Handling Stop Loss Orders During Market Open Price Spikes

I’ve encountered a challenge with pre-market orders and managing risk due to price fluctuations at market open. Specifically, if I place a buy order before the market opens with a stop loss set at 1% below the pre-market price, there’s a potential issue due to the timing of order execution. Often, the market price can surge right at opening – suppose it climbs 10% – but my order might not get filled until the price has already increased by 5%. Consequently, if the stock’s price then plummets to my stop loss level, my loss isn’t the planned 1% but rather an unexpected 6%.

This discrepancy poses a significant problem for my trading strategy, undermining my risk management plans. It’s perplexing that there seems to be no straightforward mechanism to adjust for this kind of volatility and execution delay.

Is anyone else experiencing similar issues? How do you handle stop loss settings for orders placed before market open to accommodate for these sudden price jumps? I’m considering the possibility of implementing trailing stop losses as a solution, but I’m uncertain about their effectiveness in this context.

Any advice or experiences shared would be greatly appreciated.

@Roi_Bel I definitely appreciate the challenges of entering orders before the markets open. I found for me there are really two issues 1) volatility - the first 15 minutes or so of trading can have large price swings and 2) the signal that I used to determine a buy or sell was simply wrong.

An example of the latter would be buying on positive pre-market earnings announcements. I would place an order pre-market to fill at open with expectations the price would go up throughout the day. However, the price goes down. Even though there was positive earnings it apparently wasn’t good enough and the price drops.

What I have begun doing is to not enter orders pre-market. I wait until 15 minutes after the markets open (though nothing magic about the timing) and then enter my orders. I use the same logic/signals as I would have used to submit the orders pre-market except I add one more condition. If the order was to go long then the current price (at 9:45 ET) must be greater than the open, or if the order was to go short, the price must be less. Basically, the price must be going in the expected direction.

I need to do more detailed analysis of this approach, but so far, at a high level it seems to be working well. There definitely are not the large swings, and associated losses, at market open either because of volatility or the stock simply going in the wrong direction. Some of the gains are less since a position was not entered exactly at market open, however the somewhat reduced gains are more than offset by the reduced losses.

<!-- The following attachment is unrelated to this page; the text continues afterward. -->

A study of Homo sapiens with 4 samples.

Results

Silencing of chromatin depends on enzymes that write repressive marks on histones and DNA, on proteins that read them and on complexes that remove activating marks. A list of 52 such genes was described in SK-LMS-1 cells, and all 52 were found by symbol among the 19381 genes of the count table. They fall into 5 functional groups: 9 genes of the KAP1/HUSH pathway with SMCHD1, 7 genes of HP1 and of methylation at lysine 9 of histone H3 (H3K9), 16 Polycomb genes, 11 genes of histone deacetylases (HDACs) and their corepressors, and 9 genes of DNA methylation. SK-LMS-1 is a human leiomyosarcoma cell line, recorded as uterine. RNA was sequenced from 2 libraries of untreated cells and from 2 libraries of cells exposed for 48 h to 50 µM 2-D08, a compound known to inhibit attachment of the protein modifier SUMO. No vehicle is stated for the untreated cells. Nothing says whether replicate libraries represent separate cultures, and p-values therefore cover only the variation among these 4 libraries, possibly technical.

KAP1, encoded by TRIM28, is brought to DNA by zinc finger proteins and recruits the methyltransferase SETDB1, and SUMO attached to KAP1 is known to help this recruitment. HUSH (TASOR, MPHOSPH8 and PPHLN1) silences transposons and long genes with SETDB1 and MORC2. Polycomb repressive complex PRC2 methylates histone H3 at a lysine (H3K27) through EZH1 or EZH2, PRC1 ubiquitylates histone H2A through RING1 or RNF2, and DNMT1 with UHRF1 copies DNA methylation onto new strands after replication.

This of course won’t work for all strategies but may be something to consider.

Thanks a ton for sharing your insights and approach! It’s incredibly helpful to hear about your method, waiting until after the initial volatility settles down before placing orders is an amazing idea. It makes a lot of sense, and I’m keen to consider this strategy to avoid the early market swings and align better with the actual market direction. Your experience offers me a super valuable perspective.

Just to circle back on one of my initial concerns, do you think incorporating trailing stop losses could still be a viable option in this context?

Thanks again for your valuable advice!

@Roi_Bel In theory, I am a fan of trailing stops rather than fixed stops. My thinking is one probably wants to close a position if it looks like it’s moving in the wrong direction (eg going down if you hold a long position). That movement really depends upon the latest price and is independent of the initial price one paid. Using a trailing stop, one can monitor the price movement relative to recent prices. Using a fixed stop one simply monitors the price relative to a (somewhat arbitrary) initial price one paid.

As an example, look at the following chart. Assume one entered a position at the opening price of 4.24 and immediately set up a fixed stop around 4.20. The price goes up to about 4.28 but then begins to drop. A trailing stop would be set relative to that high around 4.22. As the price drops the trailing stop will close the position before the fixed stop at less of a loss. In fact, a trailing stop can potentially close a position at a gain, while by definition, a fixed stop will always close at a loss. It’s that ability to being able to capture a gain that I like about trailing stops.

Now notice I started by stating “in theory” I like trailing stops. The problem with basic trailing stops and any stop is that all it takes to trigger is a single trade. One will find that stops get triggered “prematurely” quite often. To avoid this, I don’t use actual stop orders but rather simply monitor prices (or potentially trades or quotes). The algo can then ‘smooth’ these values and trigger a sell based upon a ‘smoothed’ value which isn’t as ‘trigger happy’ as a regular stop order. I personally just keep a take profit limit order always open, then if my algo trigger is reached I replace the limit price with a marketable price which then immediately closes the position.

That’s a great idea, although it’s probably not one I’ll implement because there’s a good chance my trade wont fill. Basically, I’ll just pray for my orders to get a good price in the Opening Auction. Thanks for all the help!